Gwen Ifill, one of the most prominent political journalists in the country, has died at age 61 after a long personal battle with cancer.

Ifill was a preacher’s daughter. She was born in New York City to a Panamanian immigrant father and a Barbadian mother. She started her journalism career as a print reporter for the Baltimore Evening Sun and the Boston Herald American. She went on to become a national political reporter for The Washington Post and the White House correspondent for The New York Times.

When she took the helm of Washington Week in Review in 1999, Ifill became the first African-American woman to host a major political TV talk show. Ifill covered seven presidential campaigns and moderated the vice presidential debates in 2004 and 2008. More recently, she moderated a presidential primary debate between Hillary Clinton and Bernie Sanders. Ifill was also the best-selling author of The Breakthrough: Politics and Race in the Age of Obama, which examined African-American politicians and the changing landscape of politics and race.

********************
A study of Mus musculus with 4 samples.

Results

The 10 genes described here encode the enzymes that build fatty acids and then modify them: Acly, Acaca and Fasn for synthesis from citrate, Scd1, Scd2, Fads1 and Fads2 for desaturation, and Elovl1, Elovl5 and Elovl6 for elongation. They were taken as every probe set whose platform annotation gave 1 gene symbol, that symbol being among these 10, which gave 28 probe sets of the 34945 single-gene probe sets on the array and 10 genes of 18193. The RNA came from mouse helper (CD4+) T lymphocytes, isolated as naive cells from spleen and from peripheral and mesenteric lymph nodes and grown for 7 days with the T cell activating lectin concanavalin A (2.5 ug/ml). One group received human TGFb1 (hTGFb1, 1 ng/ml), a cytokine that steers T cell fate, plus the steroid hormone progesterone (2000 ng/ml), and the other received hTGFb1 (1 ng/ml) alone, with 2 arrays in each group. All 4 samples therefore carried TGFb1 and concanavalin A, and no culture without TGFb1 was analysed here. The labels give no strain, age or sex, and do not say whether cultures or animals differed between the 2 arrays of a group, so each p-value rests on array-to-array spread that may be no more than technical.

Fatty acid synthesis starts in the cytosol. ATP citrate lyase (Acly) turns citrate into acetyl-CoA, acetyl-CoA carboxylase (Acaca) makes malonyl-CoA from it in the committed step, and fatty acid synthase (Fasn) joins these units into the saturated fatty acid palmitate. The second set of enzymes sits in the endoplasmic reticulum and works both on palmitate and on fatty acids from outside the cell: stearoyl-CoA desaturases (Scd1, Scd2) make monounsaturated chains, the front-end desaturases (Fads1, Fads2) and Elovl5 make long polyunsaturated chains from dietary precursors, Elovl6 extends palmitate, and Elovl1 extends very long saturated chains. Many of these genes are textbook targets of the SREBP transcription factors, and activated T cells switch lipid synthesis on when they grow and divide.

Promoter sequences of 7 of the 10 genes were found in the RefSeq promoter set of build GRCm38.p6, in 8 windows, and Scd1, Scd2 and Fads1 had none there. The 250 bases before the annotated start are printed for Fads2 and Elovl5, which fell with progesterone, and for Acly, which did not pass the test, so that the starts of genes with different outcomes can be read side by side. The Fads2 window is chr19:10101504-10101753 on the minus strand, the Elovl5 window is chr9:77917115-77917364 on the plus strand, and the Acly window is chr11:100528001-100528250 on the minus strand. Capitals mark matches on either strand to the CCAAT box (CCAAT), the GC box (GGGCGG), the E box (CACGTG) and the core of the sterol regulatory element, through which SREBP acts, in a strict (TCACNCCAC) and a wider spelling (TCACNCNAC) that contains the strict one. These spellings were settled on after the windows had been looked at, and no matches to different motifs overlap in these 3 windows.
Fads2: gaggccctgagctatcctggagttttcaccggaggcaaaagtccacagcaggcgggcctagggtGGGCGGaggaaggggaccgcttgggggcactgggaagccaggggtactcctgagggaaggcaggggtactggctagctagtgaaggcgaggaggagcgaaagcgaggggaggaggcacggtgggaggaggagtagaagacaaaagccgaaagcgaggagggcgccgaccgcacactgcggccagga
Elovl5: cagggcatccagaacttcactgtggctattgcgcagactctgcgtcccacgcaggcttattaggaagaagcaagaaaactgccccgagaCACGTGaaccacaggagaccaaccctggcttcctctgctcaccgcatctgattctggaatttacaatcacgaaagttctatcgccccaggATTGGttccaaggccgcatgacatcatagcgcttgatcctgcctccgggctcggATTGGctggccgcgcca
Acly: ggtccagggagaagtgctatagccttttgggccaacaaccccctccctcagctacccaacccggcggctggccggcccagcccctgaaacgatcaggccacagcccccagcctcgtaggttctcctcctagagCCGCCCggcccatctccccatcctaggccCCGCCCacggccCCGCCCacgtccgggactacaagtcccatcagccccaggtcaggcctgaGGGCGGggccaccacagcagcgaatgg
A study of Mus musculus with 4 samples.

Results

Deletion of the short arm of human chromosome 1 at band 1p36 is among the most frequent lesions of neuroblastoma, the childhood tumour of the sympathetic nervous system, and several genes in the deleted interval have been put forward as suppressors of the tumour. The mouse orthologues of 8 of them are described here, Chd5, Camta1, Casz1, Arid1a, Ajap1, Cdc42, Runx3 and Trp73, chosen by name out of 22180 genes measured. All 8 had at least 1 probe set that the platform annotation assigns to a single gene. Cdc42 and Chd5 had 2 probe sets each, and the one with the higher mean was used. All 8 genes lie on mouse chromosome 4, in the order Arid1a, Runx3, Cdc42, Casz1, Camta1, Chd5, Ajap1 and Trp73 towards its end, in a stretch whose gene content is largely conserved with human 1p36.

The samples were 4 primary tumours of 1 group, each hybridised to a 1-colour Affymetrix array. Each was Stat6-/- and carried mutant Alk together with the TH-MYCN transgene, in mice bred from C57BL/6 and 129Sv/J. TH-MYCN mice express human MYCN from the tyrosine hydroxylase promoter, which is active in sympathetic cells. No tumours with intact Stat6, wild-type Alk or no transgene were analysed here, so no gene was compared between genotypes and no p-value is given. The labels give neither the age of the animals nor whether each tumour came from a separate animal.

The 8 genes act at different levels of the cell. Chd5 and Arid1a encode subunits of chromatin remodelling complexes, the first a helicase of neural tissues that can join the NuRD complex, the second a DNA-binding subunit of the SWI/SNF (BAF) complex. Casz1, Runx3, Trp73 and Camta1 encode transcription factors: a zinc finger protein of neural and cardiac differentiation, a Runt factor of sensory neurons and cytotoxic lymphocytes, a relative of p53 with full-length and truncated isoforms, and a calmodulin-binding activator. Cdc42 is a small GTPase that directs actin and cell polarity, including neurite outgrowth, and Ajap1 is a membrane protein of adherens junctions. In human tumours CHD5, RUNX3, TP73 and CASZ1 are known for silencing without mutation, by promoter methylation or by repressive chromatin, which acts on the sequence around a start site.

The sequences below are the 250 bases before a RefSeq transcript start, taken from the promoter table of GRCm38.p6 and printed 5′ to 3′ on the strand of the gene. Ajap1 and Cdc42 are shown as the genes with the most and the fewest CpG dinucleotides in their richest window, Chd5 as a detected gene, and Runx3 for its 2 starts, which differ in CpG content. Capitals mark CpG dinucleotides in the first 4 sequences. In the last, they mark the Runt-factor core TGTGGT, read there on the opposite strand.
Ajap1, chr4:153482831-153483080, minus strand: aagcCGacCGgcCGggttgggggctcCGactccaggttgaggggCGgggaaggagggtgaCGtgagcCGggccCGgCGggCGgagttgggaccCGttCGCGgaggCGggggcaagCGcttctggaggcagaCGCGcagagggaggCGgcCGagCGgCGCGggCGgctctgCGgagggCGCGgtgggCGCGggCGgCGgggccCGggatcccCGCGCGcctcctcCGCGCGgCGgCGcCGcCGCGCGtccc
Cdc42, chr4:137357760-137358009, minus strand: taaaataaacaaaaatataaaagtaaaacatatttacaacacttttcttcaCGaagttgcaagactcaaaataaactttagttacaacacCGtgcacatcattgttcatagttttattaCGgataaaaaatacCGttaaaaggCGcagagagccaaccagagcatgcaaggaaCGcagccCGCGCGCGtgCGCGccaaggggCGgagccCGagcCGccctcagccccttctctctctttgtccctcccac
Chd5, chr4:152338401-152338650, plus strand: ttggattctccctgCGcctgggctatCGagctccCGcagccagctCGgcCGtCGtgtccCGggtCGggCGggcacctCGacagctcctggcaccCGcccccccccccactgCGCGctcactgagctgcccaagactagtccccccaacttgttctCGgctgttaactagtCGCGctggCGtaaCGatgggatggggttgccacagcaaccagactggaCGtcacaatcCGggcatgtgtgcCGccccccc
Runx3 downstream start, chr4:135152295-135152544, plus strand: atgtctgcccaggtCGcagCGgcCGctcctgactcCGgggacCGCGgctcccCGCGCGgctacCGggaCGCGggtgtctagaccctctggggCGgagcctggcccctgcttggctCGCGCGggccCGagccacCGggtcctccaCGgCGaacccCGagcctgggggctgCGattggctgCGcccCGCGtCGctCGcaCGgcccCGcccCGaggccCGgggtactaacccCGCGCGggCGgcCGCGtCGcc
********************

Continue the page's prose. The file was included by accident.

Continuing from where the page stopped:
As co-anchors of the “PBS NewsHour,” she and Judy Woodruff were the first all-female anchor team on network nightly news. As the moderator and managing editor of “Washington Week,” a PBS public affairs show that depended on her ability to corral rambunctious pundits, she took on a job typically reserved for hosts with names like George and John and Chuck.


Since she died, at 61, social media has been full of tributes to her courage, intelligence and optimism. One, in particular, stopped me when it floated past on Facebook.